Review: Parton doesn't break new ground, and maybe that's OK
Dolly Parton, "Pure & Simple" (Sony Music Nashville)
The list of country legends able to do whatever they want musically without alienating their fans isn't long: Willie Nelson, Loretta Lynn, Dolly Parton and maybe a handful of others.
On her new album, "Pure & Simple," Parton tests the limits of that license with an odd mix of cheating songs and fairly predictable elegies to endless love she wrote herself. The sound is stripped-down and agreeable, but the words don't break new ground - and some are downright cloying.
There is no "I Will Always Love You" or "Little Sparrow" here.
There are a couple of songs you won't be able to un-hear - "I'm Sixteen," a parade of clichés about feeling young even though you're old, and "Head Over High Heels," which might be a candidate for radio play but won't inspire much beyond the urge to change the channel.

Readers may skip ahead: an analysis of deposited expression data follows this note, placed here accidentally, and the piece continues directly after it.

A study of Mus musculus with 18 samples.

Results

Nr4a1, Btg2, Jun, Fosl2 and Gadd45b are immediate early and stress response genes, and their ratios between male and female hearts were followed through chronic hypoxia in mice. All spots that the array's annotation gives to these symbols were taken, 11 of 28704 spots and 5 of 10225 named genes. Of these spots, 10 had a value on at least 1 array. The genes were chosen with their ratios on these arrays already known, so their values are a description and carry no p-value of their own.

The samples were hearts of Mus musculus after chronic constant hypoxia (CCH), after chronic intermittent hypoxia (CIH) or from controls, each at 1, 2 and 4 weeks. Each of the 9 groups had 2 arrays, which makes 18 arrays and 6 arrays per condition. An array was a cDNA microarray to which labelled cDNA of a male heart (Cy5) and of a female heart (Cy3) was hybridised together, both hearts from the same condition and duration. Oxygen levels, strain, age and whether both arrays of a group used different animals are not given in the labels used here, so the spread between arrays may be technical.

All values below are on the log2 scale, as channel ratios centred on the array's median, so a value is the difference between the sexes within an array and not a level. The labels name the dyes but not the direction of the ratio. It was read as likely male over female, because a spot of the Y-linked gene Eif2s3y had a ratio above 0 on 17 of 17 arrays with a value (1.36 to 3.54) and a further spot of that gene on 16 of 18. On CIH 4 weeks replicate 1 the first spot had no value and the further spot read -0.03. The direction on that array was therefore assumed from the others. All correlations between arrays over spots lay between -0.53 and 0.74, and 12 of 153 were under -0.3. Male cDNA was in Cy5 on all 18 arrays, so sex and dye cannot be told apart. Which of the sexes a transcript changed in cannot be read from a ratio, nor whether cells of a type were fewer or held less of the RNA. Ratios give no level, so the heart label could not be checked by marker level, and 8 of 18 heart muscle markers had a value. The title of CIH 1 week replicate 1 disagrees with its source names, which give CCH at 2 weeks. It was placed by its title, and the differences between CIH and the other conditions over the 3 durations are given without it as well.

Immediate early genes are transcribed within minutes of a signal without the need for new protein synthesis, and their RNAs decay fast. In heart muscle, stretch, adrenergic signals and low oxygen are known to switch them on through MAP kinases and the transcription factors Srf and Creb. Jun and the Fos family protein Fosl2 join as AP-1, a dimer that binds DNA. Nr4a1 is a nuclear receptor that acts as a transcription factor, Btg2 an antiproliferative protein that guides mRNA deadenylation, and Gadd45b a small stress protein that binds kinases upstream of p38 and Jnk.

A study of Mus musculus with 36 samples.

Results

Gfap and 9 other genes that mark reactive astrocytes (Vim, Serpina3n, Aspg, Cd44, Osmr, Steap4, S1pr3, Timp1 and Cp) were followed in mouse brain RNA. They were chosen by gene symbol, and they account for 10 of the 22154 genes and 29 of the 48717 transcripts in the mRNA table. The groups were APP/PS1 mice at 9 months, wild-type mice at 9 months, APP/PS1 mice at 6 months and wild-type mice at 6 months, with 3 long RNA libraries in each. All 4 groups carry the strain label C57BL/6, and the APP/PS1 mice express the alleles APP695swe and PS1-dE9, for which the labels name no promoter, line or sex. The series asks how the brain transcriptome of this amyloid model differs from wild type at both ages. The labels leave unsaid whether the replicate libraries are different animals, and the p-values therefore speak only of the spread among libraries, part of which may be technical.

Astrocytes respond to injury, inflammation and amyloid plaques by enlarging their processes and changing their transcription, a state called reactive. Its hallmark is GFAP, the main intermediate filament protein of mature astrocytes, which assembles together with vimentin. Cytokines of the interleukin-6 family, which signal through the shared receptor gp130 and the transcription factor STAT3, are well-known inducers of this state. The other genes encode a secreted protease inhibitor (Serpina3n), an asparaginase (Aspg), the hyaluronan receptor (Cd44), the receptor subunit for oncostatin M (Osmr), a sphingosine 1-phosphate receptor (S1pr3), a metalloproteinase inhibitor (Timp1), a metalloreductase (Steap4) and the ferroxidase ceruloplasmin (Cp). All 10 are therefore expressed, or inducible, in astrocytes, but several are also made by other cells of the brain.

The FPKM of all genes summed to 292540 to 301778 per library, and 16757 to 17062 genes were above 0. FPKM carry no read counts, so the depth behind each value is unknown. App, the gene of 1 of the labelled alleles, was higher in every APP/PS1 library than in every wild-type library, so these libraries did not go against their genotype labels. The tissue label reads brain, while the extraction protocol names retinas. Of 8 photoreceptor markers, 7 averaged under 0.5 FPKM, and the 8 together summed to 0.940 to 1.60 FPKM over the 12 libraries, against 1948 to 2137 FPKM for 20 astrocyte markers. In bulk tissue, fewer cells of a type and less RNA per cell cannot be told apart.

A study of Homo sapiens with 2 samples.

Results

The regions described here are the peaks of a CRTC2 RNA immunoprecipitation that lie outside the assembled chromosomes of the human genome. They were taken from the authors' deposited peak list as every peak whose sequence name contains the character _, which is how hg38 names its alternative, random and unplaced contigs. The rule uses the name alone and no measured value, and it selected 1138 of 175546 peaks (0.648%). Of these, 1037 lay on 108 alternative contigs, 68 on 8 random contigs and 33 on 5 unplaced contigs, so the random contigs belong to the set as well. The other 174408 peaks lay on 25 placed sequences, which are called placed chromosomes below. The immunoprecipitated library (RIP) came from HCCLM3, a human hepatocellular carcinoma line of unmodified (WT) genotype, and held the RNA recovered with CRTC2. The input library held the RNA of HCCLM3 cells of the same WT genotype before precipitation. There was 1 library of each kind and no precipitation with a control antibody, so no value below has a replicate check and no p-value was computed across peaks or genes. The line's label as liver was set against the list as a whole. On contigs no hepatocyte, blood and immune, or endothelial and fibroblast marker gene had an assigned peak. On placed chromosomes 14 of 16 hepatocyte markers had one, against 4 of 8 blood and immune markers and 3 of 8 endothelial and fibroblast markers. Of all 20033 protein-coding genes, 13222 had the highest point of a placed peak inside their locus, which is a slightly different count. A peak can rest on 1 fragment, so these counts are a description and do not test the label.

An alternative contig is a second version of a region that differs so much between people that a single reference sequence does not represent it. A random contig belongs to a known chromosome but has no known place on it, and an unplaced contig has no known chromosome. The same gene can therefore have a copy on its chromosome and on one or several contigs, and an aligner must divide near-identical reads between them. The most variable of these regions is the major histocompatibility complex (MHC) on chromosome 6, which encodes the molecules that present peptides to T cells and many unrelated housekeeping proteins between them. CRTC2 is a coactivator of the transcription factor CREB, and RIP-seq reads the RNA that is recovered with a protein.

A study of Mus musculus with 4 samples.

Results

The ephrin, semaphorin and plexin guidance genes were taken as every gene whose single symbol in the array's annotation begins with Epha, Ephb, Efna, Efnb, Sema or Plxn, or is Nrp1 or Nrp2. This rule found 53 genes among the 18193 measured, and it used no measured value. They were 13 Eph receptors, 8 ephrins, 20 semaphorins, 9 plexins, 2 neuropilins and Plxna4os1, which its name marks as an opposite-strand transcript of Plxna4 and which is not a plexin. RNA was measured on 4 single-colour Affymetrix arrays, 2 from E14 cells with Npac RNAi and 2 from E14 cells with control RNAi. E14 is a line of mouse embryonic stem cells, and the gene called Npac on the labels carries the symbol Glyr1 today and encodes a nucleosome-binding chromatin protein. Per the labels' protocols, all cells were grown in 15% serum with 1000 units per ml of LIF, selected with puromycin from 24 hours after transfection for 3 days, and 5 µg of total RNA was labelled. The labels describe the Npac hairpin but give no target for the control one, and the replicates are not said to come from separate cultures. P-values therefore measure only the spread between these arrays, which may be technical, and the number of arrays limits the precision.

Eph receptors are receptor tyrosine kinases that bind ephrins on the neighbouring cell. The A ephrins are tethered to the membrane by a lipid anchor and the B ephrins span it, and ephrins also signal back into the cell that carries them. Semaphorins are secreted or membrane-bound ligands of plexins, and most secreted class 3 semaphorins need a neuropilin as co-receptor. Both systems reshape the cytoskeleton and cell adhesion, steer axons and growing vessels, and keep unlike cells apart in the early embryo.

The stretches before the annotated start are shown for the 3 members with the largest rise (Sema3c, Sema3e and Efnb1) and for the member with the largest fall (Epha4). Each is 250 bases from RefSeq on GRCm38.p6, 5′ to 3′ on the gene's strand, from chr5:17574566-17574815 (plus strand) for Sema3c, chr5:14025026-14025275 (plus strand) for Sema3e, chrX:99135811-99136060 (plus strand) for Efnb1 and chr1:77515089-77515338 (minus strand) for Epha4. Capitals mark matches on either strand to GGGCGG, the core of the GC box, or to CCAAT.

But here's the thing: Parton remains impossible to dislike. What made her great in the first place was her disarming honesty, her cut-to-the-chase openness, her little-girl voice saying big-girl things in ways that swept late night television hosts off their feet.
It's rare for legends to produce original work on the back end of their careers. Both Johnny Cash and Lynn managed it when they had a little help from their friends, but it's anything but a given.
So listeners with tempered expectations and an endless love for Dolly will get what they came for here. There's enough of her essence to satisfy the most devoted fans, and maybe that's OK.